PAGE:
When St George Illawarra finished the 2020 NRLW season last without a win to their name there would have been few punters brave enough to back them in to win the proceeding competition.

Even more so when you consider they had lost Jess Sergis, Tiana Penitani and Maddie Studdon as part of the NRL’s bid to equalise talent in the expanded six-team competition.

Not helping matters was the fact that as part of the Dragons’ marquee player allocations they were lumped with two hookers – Keeley Davis and Quincy Dodd.

But fast forward to April 2022 and the Dragons are on the cusp of their first piece of silverware in the women’s game, heading into Sunday’s grand final at Redcliffe against the Sydney Roosters.

It’s an impressive achievement for first-year coach Jamie Soward considering this roster was put together by his predecessor, Matt Head and the Dragons pathways manager Steve Nielsen over a year ago.

“Our marquee requests didn’t do a lot for us but we worked with what we were given,” Nielsen told AAP.

“We got Kezie Apps, Holli Wheeler and Shaylee Bent and we also ended up with Quincey and Keeley.”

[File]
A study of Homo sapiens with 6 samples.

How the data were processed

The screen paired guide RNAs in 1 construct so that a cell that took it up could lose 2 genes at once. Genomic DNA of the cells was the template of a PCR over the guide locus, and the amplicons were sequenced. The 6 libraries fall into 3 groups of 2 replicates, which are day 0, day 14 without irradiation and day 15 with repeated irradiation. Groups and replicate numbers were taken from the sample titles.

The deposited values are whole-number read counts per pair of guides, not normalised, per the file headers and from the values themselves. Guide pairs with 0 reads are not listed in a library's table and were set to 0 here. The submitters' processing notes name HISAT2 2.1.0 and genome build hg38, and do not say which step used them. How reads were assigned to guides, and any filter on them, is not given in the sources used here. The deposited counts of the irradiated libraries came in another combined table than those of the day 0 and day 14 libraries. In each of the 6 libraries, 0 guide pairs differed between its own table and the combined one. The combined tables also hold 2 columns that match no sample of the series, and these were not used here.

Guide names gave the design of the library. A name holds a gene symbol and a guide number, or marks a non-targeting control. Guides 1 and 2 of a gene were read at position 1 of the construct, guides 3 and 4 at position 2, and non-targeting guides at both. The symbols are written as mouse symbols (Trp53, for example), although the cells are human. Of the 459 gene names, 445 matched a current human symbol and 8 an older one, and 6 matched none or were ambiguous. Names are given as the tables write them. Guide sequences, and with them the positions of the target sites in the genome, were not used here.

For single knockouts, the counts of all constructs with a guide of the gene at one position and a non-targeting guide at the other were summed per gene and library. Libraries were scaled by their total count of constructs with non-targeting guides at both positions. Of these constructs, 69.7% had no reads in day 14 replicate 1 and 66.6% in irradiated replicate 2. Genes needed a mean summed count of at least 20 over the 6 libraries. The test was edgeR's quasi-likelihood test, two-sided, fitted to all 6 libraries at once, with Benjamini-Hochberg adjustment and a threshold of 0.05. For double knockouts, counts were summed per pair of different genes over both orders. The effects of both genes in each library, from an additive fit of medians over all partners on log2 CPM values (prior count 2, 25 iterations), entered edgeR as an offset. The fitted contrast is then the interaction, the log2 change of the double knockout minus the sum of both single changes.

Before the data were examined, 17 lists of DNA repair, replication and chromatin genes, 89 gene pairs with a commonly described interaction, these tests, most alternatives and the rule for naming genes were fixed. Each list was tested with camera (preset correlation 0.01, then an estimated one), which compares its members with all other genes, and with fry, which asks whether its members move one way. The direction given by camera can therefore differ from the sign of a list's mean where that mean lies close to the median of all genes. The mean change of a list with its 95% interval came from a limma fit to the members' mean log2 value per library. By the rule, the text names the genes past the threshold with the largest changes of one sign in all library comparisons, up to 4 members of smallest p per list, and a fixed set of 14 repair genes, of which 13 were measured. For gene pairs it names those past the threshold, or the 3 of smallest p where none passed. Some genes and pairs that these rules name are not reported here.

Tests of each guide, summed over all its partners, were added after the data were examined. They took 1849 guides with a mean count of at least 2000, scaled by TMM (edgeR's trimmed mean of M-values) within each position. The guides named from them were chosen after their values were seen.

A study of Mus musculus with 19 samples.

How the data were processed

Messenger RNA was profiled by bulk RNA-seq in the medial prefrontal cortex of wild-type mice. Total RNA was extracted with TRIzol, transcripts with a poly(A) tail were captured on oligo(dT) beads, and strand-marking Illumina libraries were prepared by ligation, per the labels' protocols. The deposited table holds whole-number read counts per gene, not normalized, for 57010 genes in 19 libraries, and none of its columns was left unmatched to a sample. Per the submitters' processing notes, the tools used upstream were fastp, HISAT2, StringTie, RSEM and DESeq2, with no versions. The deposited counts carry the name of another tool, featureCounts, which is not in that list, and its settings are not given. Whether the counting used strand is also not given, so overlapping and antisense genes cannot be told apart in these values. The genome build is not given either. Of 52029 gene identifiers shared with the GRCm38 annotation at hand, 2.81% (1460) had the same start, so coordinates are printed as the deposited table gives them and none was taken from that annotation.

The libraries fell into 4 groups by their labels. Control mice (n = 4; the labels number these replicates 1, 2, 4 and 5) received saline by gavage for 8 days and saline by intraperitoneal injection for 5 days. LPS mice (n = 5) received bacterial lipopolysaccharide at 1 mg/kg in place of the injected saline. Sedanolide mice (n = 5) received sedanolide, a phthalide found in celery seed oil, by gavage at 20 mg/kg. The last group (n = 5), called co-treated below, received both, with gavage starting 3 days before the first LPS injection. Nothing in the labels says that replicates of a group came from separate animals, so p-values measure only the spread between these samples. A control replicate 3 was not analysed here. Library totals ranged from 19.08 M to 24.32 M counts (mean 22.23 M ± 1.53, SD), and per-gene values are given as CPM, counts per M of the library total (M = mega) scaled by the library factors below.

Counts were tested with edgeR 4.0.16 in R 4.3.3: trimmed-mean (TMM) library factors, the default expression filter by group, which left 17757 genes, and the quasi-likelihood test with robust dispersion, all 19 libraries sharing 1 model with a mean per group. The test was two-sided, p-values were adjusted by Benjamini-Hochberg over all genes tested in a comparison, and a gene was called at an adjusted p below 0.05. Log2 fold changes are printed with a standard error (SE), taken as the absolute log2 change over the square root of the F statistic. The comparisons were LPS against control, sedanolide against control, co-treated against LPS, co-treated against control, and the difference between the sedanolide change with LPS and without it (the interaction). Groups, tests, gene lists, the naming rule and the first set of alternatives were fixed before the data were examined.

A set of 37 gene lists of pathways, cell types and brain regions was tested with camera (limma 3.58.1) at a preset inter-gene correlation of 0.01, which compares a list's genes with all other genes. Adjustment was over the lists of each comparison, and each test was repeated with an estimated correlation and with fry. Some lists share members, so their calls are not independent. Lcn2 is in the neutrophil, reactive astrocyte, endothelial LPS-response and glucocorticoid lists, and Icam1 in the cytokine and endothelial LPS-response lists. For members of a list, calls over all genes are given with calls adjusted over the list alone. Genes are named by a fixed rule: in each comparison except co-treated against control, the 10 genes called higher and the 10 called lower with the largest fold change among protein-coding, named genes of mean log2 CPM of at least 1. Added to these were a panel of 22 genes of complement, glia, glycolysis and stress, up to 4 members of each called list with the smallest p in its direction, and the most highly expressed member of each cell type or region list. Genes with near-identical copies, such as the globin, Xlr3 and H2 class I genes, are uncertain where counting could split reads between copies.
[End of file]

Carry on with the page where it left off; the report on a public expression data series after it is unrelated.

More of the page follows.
The Dragons examined what Melbourne had done in the men’s game with the double hooker tandem of Harry Grant and Brandon Smith.

Their best recruits weren’t done by grand design, but rather fell into their lap.

Fullback Emma Tonegato was named as the joint Dally M player of the year earlier this week, but only returned to the game from rugby sevens by chance.

“Her manager just called and asked us a few questions like where we were training,” said Nielsen. “She lives and works in Wollongong and once we talked it through we were really keen to get her on board.”

The re-signing of no-nonsense Papua New Guinea international Elsie Albert was another shrewd move.

Albert has become a star of the competition – just second behind Brisbane’s Millie Boyle for running metres among forwards – and is likely to attract interest from rival clubs.

“She was very shy initially but now she’s really confident and speaks up a lot more,” Nielsen said.

“She’s a great leader in her actions and she’s in great shape. It’s massive for her because she has a huge following back home in PNG.”

They say a team without a halfback is like a car without a driver and after losing NSW Origin No. 7 Studdon to Parramatta, the Dragons looked to be struggling to find someone to steer them around.

At 28, you might have been forgiven for thinking Rachael Pearson would be a stop-gap.

But the playmaker, who hails from Hay in the NSW Riverina, has been a standout.

“Kezie kept telling us about her because she’d come down here to play at Helensburgh,” Nielsen said.

“She didn’t have the NRLW experience but she’s more than proven her worth.”

Her performance will be critical if the Dragons are to win on Sunday and claim the club’s first premiership since Soward was running around in the halves for the Red V in 2010.